Elaine Fowler Palencia
Driving Near the Kentucky/Virginia Border, Early Autumn
The past beats in me like a second heart.
The blacktop goes up and up the mountain.
Kudzu has smothered the road signs and a school bus.
It has choked the creek and is rappelling across the road
On an electrical wire.
In a hairpin bend nestles the Big Flea, selling
Pigs, chickens, rabbits, iron skillets, funerary urns,
Funnel cakes, water-damaged paperbacks, cornmeal, and guns.
I’m not from around here anymore.
The little white churches in the hollows cross their arms
And look ashamed of how small their cemeteries are.
Coal trucks roar around the turns like sharks charging a rowboat.
In a local museum there is a Civil War exhibit,
Soldiers’ photographs discovered
In the dead letter office, never delivered.
Twice dead, then, those pale-eyed young men.
The road goes up and up the mountain.
Mist smokes in the ravines.
In another silent museum lie letters
Found next to the bodies of trapped miners.
Remember I love you and don’t worry. I just went to sleep.
Boys be good and whatever you do don’t become miners.
Night falls like a forest keeling over in a straight-line wind.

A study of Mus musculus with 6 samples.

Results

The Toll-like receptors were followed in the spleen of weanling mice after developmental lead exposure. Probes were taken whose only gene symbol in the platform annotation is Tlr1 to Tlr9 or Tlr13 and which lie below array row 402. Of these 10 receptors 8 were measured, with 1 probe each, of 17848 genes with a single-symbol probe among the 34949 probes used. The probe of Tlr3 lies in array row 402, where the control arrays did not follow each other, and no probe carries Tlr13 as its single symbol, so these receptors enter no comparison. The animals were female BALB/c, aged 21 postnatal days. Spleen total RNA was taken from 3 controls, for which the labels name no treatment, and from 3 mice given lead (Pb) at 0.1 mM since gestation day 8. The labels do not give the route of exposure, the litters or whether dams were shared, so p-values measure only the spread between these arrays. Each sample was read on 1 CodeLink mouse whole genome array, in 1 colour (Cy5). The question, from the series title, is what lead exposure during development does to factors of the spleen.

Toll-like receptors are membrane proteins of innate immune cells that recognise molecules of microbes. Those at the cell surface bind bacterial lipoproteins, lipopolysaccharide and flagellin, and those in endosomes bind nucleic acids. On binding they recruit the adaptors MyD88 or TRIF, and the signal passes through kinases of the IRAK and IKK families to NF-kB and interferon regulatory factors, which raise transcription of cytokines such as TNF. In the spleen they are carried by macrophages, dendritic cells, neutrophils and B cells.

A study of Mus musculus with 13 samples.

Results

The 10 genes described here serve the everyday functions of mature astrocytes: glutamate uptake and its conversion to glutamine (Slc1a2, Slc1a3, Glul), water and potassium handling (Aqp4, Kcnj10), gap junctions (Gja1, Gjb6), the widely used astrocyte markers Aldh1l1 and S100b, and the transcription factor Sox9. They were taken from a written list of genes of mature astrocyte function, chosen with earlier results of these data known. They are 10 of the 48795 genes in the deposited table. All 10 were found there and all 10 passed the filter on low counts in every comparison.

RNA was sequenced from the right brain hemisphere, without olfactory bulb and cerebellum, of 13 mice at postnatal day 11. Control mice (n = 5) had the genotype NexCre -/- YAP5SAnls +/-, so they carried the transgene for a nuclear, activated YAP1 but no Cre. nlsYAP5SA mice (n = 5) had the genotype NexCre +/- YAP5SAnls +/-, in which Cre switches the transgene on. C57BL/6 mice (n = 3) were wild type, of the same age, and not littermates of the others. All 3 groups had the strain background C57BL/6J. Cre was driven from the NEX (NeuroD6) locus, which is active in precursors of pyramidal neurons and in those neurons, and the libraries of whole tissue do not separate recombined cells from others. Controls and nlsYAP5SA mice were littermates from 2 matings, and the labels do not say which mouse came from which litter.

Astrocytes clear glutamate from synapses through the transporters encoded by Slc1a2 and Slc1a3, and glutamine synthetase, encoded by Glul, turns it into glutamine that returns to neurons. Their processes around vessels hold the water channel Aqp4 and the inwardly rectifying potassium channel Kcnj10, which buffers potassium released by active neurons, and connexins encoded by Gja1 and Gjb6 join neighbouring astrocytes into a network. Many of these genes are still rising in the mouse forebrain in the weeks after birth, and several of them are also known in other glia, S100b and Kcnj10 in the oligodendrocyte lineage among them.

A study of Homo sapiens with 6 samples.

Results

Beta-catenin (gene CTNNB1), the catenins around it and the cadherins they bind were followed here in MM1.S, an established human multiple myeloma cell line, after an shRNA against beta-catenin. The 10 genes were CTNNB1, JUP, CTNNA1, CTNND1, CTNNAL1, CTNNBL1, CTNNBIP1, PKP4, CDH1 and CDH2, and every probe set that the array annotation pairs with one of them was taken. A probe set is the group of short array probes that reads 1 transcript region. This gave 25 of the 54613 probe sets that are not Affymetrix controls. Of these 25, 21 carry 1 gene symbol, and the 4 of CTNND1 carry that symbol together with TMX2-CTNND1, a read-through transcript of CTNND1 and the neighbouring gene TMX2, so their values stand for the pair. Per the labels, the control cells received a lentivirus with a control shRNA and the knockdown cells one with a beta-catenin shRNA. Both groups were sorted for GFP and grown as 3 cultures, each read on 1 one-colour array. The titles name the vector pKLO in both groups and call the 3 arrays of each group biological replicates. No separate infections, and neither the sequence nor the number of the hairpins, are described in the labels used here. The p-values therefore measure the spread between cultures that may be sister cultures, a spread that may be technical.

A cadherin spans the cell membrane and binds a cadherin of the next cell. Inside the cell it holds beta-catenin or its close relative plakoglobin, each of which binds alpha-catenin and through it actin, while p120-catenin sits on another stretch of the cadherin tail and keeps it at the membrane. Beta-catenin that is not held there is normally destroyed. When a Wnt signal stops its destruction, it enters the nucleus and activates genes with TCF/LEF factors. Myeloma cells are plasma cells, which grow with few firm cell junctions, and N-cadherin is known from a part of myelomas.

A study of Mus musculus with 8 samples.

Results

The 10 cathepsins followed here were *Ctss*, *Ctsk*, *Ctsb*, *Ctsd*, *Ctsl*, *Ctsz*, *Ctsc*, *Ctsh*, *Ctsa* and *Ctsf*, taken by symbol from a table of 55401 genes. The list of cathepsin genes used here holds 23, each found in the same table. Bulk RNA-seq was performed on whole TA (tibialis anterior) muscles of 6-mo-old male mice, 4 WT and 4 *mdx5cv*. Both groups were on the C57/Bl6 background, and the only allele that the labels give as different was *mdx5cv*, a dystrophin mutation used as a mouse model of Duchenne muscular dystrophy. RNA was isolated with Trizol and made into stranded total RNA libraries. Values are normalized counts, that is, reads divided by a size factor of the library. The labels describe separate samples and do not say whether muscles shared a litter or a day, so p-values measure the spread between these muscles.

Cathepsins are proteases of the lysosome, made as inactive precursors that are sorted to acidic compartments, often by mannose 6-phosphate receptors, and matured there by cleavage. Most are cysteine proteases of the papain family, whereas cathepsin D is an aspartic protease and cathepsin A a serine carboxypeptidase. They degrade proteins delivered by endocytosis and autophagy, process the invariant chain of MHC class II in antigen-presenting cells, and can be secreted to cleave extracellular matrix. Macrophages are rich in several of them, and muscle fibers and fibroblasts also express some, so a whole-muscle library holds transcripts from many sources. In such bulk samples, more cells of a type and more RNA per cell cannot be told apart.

The lights of the prison on top of the mountain
Take out the stars.
At a Coffee Shop in Berea, Kentucky, Fall 2014
Coffee and croissants
beside a chilled window.
Outside, light snow.
Great-great Grandfather, today I awoke to your weather
and remembered how
you, a peaceable man summoned
straggled past Berea
with the 52nd Georgia
(minus the captured
and the dead)
this same month in 1862
in falling snow
under the rod of Bragg,
withdrawing from the failed
invasion of Kentucky
you marched in thin clothes and broken shoes
the parched corn running out
the cross of Vicksburg waiting beyond the unimaginable horizon.
Along Route 23
When you venture toward home,
The old ones will be waiting for you.
In the bathroom mirror
Of a Huddle House in eastern Kentucky
My late grandmother has been biding her time
The gravity of decades lengthening
The lobes of her ears
Flesh tightening over her high cheekbones.
When I look up from washing my hands
Our eyes meet and I recognize
The gentle, bewildered smile
Of an innocent nature
Struggling day after day
That smile is mine now.
Neither of us can believe
What has become of me.
I’m there at all hours
More and more often
As I get older
To the current owners
Who have never heard of me
I bathe in the claw-footed tub
They ripped out years ago
Sprinkle brown sugar
On my oatmeal in the kitchen
Lie in my long-gone childhood bed
On humid summer nights
Watching fireflies flash in the garden
At times the occupants
May feel a breeze
In the upstairs hall
See a shadow fall
Across a sunlit floor
Hear a creak on the basement stairs
Wake from an uneasy dream
In which their furniture
Is being repossessed.
Elaine Fowler Palencia has published six books of fiction and two poetry chapbooks. Her third poetry chapbook, Going Places, was recently published by FutureCycle Press. Her work has recently appeared in Appalachian Heritage, Pine Mountain Sand & Gravel, Pentimento, and Kentucky Review. She is the book review editor of Pegasus.